Patricia Bellanca, PhD, directs the Journalism Graduate Program. She is also the director of the writing programs at Harvard Extension and a head preceptor in the Harvard College Writing Program.
Q: What is the focus of the Extension School’s Journalism Graduate Program?
A: We want our students to develop excellent reporting and writing skills. The field of journalism may be changing, but it isn’t going away. We offer courses on digital journalism and on special topics such as community journalism, but people need to be able to write well for both digital and traditional media. I like to think that students leave the program with up-to-date skills but especially with that core ability to communicate effectively.
Q: Who is this program for?
A: We have a range of students, from recent college graduates who work full time on their degrees, taking four courses a semester and completing the program in a couple of years, to career-changers with full-time jobs who can take only a course or two a semester. They take longer to complete the program of course, up to five years.
We see a lot of people who are looking to develop the skills and contacts they need for freelancing. Many of our students are excellent writers who’ve always wanted to be published—to be paid for the work that they love to do. But they have not known how to do it: how to approach an editor, how to pitch an article, how to develop an audience for a blog, and so on. They learn these things in our courses.
Some of our students are new to journalism; others are already journalists. All our students share the desire to learn what they need to know to be more marketable now in this challenging and transformative time for journalism.
Q: What sets this program apart?
A: One thing is its flexibility. Students can take all three of the preadmission courses online before applying to the program. This means that students in California—or in Cambridge!—don’t have to leave home to explore the possibility of getting a degree here.
There’s also some flexibility in the program requirements. We have an optional internship. And we offer a wide range of courses for students to choose from, including courses outside of the field of journalism in such things as multimedia and website development. We want students to focus on their particular interests and to tailor the program to meet their needs.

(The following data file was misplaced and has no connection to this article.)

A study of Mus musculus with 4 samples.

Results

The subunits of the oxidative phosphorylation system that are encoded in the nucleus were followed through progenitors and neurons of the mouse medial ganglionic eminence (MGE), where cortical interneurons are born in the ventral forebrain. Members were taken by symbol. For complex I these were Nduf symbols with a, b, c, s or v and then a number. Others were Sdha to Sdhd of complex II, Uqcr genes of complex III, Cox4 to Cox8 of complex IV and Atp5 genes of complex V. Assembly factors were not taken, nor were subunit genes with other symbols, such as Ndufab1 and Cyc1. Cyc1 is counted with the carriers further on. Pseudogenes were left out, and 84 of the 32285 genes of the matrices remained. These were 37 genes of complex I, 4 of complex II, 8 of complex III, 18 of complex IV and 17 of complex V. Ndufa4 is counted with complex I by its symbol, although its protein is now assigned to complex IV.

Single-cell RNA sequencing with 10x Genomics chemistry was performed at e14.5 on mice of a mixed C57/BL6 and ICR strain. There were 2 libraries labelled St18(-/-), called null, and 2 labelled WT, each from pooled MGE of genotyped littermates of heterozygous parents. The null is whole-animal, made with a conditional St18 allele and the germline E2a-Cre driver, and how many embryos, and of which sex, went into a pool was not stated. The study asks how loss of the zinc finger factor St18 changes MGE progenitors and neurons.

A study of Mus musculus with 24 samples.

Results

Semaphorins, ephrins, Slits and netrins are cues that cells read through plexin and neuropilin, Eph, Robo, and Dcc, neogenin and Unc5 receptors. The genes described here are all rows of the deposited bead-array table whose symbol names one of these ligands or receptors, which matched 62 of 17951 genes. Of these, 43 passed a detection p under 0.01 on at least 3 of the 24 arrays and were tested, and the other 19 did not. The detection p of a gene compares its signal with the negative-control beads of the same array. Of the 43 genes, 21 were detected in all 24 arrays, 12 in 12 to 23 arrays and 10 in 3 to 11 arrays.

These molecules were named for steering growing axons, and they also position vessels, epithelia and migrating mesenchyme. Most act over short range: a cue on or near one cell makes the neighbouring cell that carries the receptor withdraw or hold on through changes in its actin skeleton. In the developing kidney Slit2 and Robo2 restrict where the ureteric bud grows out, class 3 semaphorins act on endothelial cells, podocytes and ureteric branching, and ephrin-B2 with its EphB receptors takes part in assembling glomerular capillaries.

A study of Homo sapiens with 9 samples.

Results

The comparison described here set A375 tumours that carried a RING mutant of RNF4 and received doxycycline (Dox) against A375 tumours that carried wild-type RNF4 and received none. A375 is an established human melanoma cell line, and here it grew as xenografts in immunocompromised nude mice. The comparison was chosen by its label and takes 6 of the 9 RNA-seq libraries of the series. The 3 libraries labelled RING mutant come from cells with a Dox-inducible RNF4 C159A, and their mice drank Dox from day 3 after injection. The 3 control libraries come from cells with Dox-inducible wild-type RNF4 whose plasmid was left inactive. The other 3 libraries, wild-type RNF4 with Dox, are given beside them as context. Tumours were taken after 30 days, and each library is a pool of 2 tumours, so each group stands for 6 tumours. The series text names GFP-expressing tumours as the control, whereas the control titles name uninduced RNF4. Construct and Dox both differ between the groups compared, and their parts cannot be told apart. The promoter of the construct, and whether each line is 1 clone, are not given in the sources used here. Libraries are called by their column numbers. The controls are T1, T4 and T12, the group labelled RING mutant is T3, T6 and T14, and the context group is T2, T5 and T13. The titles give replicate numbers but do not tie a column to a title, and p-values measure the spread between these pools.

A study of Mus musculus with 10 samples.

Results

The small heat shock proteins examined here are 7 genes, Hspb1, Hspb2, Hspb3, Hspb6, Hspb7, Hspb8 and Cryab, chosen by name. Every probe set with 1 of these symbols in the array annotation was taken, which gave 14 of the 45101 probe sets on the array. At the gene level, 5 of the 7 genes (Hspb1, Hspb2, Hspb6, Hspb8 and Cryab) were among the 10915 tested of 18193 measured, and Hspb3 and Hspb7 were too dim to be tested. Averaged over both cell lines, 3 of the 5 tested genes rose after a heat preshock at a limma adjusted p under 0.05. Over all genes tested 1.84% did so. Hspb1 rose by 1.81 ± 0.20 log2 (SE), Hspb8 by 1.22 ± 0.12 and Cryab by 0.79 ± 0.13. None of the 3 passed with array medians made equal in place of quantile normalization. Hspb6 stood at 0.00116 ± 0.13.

Another thing that distinguishes our program is that it’s a Harvard program, the only program at the University that offers a degree in this field. Our students have access to Harvard resources—our faculty, our facilities—that other universities simply don’t have.
Q: Is there a networking potential?
A: Yes. Many of our instructors encourage students to send their work out for publication. By the time they graduate, most students have made contact with editors of local and online publications and have a file of clips. The capstone project, one of the requirements for the degree, gives students the opportunity to work closely on an independent project with an experienced journalist.
Students have worked with editors at the Boston Globe and at GlobalPost, and with Extension instructors who are also editors of some of Harvard’s publications, ReVista and the Harvard Gazette among them. The experience and the contacts are essential in a competitive field.
I mentioned the internship a moment ago: students may do an internship in place of one of their electives courses. We highly recommend the internship because it provides enormously valuable experience and contacts. Students have interned at Boston.com and C-SPAN; at such publications as El Planeta, the Harvard Gazette, and Body and Soul Magazine; at WBUR and at National Public Radio. One student even interned at the United Nations. It’s not uncommon for students to be offered positions where they intern.
Q: Who teaches the courses that count toward the degree?
A: Our instructors are experienced journalists who are also great teachers. For example:
Martha Bebinger, who teaches JOUR E-140a New Reporting for the Web, Print, and Other Platforms, covers healthcare and a wide range of other issues at WBUR, the NPR affiliate in Boston. She blogs at CommonHealth.org and freelances for a dozen digital, print, and broadcast outlets.
June Carolyn Erlick, who teaches JOUR E-125 Watergate to Wikileaks: Journalism Ethics Through Film, serves as a program advisor. For 14 years, she reported on Latin America for Time Magazine, the Miami Herald, and the National Catholic Reporter. She’s now the publications director at the David Rockefeller Center for Latin American Studies at Harvard.
Several of our instructors once worked exclusively in print journalism and now work primarily, even exclusively, online. It’s become a truism to say that journalism isn’t dead—it’s just changing form. Well, our instructors are among the people who are changing it.